Answer
2/1/18 12:48 AM
I would like to share a technique I use to produce feelings of bliss during and after meditation. (I have seen people use different definitions of various states like jhana and piti and I don't want to make any claims about what this technique does in terms like that. I don't mean bliss in any technical sense just in the ordinary vernacular meaning.) I am posting here in case anyone might want to try to experience it. I find it very beneficial and think others might also. It seems to me to be fairly easy to do, easier than other similar techniques I've seen. I don't think access concentration is even necessary.  I was reading a book by Thich Nhat Hanh where he wrote: "... practice breathing with a half-smile. You will feel great joy." I tried it and it worked. Some people might think it is artificial to force yourself to smile. I agree and I only suggest smiling if you feel like it. I don't know if this phenomenon is well known or not (maybe it is) I've seen other "smiling" techniques (ie. Bhante Vimalaramsi , and , Leigh Brasington ) occassionally but not very often.

The simplified instructions are quoted below, there are more detailed instructions at the link with a detailed trouble shooting section. The web page is intended for beginners and people meditating to cope with stress.

https://sites.google.com/site/chs4o8pt/meditation-1#meditation_serenity
Notice how you feel throughout your body. Do you feel anxious or tense? Try to relax your whole body. Take a deep breath and relax your whole body as you exhale. Notice the pleasant feeling of relaxation? Now breathe normally and relax your whole body as you exhale. Notice the same feeling of relaxation. Relax your whole body as you inhale and notice a similar feeling of relaxation. It might help you to relax if you slow down your breathing somewhat. Continue to relax your whole body as you inhale and exhale and notice the pleasant feelings of relaxation. While you do this, also say to yourself, (inwardly not aloud) "in" as you inhale, and "out" as you exhale. Notice the absence of mental chatter as you focus your attention on the words "in" an "out". Do this with the understanding that you are trying to have a pleasant, relaxing, calming meditation session. After a while, observing the pleasant feeling of relaxation might make you want to smile. If you feel like it, go ahead and smile and notice the pleasant emotions that accompany smiling as you continue to meditate. If your mind wanders don't worry about it, it's normal, but take a few seconds to notice what thoughts or emotions distracted you, and any sensations they produced in your body. Then return to meditating, relax your whole body as you inhale and exhale, notice the pleasant feeling of relaxation, and smile if you feel like it.  That's it. You should do this as a form of sitting meditation but you can also do it during daily activities. When you start a session, it can be helpful if you remind yourself how the technique works by thinking:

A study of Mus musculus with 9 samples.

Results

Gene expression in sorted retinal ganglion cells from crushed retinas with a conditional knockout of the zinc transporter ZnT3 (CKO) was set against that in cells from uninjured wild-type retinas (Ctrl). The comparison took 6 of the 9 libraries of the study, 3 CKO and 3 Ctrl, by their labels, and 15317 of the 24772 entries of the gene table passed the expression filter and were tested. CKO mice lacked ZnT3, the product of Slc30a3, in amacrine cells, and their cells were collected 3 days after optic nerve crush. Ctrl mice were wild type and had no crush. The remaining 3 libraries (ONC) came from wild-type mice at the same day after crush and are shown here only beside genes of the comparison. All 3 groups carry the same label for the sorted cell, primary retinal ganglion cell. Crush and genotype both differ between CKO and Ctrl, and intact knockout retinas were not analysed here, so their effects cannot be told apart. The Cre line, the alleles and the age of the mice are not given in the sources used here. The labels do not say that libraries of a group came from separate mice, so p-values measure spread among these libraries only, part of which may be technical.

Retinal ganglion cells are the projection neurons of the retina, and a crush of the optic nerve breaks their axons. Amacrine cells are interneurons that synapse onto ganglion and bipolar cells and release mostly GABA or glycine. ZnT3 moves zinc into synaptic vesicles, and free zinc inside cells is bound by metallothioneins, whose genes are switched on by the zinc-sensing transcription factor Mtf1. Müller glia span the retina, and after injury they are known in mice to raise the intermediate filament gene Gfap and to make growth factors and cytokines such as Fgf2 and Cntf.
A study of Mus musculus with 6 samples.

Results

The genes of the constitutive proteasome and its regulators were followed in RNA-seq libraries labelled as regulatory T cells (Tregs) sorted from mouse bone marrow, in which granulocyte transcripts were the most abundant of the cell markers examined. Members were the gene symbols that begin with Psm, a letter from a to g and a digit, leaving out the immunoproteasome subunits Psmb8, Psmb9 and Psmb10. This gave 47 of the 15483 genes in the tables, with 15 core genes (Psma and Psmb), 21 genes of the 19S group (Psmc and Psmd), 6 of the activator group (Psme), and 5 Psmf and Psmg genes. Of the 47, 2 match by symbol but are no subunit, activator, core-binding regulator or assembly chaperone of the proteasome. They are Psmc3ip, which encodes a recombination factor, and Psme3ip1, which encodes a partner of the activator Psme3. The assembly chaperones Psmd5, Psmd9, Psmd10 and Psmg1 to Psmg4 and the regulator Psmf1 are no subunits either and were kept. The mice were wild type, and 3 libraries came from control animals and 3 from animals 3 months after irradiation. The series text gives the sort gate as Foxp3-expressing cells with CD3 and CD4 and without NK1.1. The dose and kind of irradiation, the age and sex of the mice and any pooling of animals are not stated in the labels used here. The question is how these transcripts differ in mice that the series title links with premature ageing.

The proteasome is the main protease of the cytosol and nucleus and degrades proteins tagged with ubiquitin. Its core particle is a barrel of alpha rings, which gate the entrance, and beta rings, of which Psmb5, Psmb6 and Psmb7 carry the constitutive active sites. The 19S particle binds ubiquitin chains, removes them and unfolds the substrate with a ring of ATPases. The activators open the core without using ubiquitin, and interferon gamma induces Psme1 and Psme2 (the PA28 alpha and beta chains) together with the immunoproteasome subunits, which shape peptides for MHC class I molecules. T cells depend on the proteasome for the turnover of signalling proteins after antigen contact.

Relax as you inhale, relax as you exhale, notice the pleasant feeling of relaxation, and smile if you feel like it.





UPDATE 1/2/2018:
https://www.dharmaoverground.org/discussion/-/message_boards/message/7387393#_19_message_7387393

When you repeatedly go into a peaceful relaxed state in meditation it causes you to notice what disturbs that state after the meditation session is over and you get back to daily life. Over time you begin to see how your reactions that make you upset are optional because in meditation you develop the skills and attitude needed to be peaceful and relaxed. When you see they are optional, you start to chose not to become upset (without suppressing or repressing anything). Over time you notice and let go of reactions that are increasingly subtle. In this way, bringing the practice into daily life is natural and automatic. And it provides insight into your own mind. I'm not saying this is the same as body scanning or noting or that it has the same results. But there is an aspect of insight in it, and it is also natural and automatic because it feels good. The technique provides positive reinforcement so you don't need as much will power. 


RE: Producing feelings of bliss
Answer
2/6/16 5:00 AM as a reply to Jim Smith.
This technique has been my main squeeze lately, all day long basically.  It starts to develop some serious momentum.  I vouch for it as well.

RE: Producing feelings of bliss
Answer
2/6/16 5:19 AM as a reply to Jim Smith.
Paweł K:
Personally I like something more technical and universal. Pleasure in body is result of having muscles being tensed and relaxed in just the right way, neither fully tensed nor fully relaxed. There are four main ways it can be done corresponding to four formed jhanas. To have pure 'bliss' (sukha) one need to use 3rd jhana which is having diffused tensing up and centered relaxation. It is possible to make any part of body feel bliss setting muscles in this way. Mind itself is mapped onto body, subtle muscles are used to store and experience emotional states, used to color thoughts, etc. and these can be 'blissed out' by setting them to this configuration. I practice this mostly with my hands and muscles in face linked to visual perception but it works with any part of body/mind.

That's interesting. Is there somewhere I get more info on this? Are there terms I could search for on google?  Thanks.

RE: Producing feelings of bliss
Answer
12/19/17 8:00 AM as a reply to Jim Smith.
Isn't that fourth jhana?
At least that's how I got down to it, going from breath focus to relaxation into space, softening with every new breath.